Science and engineering technology students and faculty at Northwestern State University are lending their expertise to help healthcare providers and the community during the COVID-19 pandemic.
Anna Dugas, an assistant professor of physics, created a COVID-19 face shield and requested permission to use university’s Lutzbot Taz 6 3-D FDM printer to print 28 face shields, and more as needed, to donate to Natchitoches Regional Medical Center. Dugas, a biomedical engineer, has designed medical equipment in the past and intends to recruit others in the NSU community to expand production of the masks.
Since joining the faculty at NSU four years ago, Dugas established the Biological & Electrical Applied Physics (BEAP) lab in the School of Biological & Physical Sciences where she works with science and engineering technology students to explore sensor-human interfaces, robotic applications and space/atmosphere-exploration payload design.
“While at home with my two small boys (three and eight years old), I wanted to do a project with them that could help people, and to show them that we can all make a difference, even at home,” Dugas said.
Dr. Francene Lemoine, interim dean of the College of Arts and Sciences, collected the three dozen shields Dugas made and delivered them to Natchitoches Regional Medical Center April 30. Dugas hopes to make more in the upcoming weeks and make them available to any clinic in Natchitoches with a ned.
Meanwhile, students in the biomedical instrumentation course, part of the engineering technology curriculum, were assigned projects related to understanding ventilators and asked to propose designs to accommodate more patients.
Maleik White of St. Martinville, who was also an intern at Natchitoches Regional Medical Center, is working with biomedical staff to better understand the ventilator and possible modification.
“Biomedical concentration graduates are prepared to excel in the expanding medical technology field that explores the interface between man and machines used in healthcare facilities,” said Dr. Jafar Al Sharab said, head of NSU’s Department of Engineering Technology.
Students were also challenged to design and fabricate Personal Protective Equipment (PPE), including face shields. Dr. Shahriar Hossain, a new professor in industrial engineering technology, utilized his expertise in technical drafting to design a face shield that takes 70 percent time less to 3D print than other PPEs.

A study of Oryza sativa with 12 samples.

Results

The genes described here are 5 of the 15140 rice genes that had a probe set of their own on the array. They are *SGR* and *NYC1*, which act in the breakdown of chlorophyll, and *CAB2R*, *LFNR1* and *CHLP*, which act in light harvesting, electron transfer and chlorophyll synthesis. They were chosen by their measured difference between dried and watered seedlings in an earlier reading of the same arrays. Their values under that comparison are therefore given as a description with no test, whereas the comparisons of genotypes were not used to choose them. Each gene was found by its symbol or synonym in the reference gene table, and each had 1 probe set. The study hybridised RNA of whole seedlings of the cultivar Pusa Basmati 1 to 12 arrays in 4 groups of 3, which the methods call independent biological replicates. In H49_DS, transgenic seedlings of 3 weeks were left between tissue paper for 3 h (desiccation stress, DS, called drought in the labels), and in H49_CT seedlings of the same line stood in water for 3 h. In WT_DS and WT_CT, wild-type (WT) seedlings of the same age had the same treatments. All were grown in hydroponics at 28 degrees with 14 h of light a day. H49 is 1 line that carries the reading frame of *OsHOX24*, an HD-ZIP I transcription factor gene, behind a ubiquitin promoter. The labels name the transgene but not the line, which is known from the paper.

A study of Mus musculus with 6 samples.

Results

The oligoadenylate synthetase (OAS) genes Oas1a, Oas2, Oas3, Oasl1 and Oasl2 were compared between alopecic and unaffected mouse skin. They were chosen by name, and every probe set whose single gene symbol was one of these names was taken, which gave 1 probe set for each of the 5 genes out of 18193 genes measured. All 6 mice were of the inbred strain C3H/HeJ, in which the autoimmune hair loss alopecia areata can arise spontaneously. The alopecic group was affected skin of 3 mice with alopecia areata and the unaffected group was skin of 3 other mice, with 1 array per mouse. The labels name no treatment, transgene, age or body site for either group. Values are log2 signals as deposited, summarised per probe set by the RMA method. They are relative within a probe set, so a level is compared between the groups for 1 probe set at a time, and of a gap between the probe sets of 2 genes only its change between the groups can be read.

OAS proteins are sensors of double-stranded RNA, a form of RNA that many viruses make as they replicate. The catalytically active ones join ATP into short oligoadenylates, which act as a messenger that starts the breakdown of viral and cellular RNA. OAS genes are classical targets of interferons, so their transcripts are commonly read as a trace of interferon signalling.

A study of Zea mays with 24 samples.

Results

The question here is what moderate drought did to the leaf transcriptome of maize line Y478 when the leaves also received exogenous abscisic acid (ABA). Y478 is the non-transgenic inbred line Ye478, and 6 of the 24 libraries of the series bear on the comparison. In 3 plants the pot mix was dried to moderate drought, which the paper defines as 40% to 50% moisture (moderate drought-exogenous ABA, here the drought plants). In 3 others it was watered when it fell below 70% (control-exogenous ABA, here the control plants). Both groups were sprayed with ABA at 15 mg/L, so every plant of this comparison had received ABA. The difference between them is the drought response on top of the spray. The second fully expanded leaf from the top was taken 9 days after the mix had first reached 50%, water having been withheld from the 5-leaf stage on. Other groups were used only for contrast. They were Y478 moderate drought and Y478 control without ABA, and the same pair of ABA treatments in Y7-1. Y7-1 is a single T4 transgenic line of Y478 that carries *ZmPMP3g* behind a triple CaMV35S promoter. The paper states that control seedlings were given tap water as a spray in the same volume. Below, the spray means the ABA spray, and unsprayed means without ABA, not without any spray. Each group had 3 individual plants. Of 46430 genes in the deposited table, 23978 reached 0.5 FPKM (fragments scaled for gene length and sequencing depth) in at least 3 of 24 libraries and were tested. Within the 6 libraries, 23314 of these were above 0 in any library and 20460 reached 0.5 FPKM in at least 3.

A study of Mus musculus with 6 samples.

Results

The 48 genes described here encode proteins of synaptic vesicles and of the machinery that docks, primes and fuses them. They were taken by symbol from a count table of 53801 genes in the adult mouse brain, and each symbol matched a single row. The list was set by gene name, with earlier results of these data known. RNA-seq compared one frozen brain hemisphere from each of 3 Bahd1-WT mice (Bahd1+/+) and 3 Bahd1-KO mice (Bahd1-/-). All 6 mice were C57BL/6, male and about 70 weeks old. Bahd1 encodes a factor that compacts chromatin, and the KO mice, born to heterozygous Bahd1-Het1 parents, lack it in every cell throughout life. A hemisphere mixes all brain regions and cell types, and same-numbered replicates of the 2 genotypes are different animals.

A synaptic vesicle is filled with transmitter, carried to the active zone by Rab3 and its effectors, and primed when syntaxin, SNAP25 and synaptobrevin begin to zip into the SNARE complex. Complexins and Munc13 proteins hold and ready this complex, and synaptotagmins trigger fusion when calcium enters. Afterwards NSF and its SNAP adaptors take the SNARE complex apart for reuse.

Two students, Daniela Forero Saldeco and Devin Reyes, utilized software skills to design gaming experiences designed to educate users about the coronavirus and encourage them to use PPEs. The games are intended to provide useful information and alleviate stress for remote learners who have plenty of spare time.
“We tried to encourage ET faculty and students to help with this crisis, each one according to his or her capacity,” Al Sharab said. “All the information is available for free for anyone who is willing utilize them and benefit from them at https://engrtech.nsula.edu. We are planning to make this on-line depository location where other relevant 3D models can be shared. We encourage other faculty members and staff to contact me if they have any relevant design to be shared.
“These are simple examples from ET department, however, it shows that both students and faculty care and try to help with this global issue each one according to his/her capacity and within their area of expertise,” Al Sharab added.
“We appreciate our faculty so very much for this incredible outreach. I continue to be amazed at the work of our faculty. This is yet another example of NSU’s great partnership and collaboration of our community,” said NSU President Dr. Chris Maggio.
Anyone who would like to make a contribution towards purchasing materials and printers to make more face shields can do so through the NSU Foundation by visiting http://northwesternalumni.com/donations/biology/.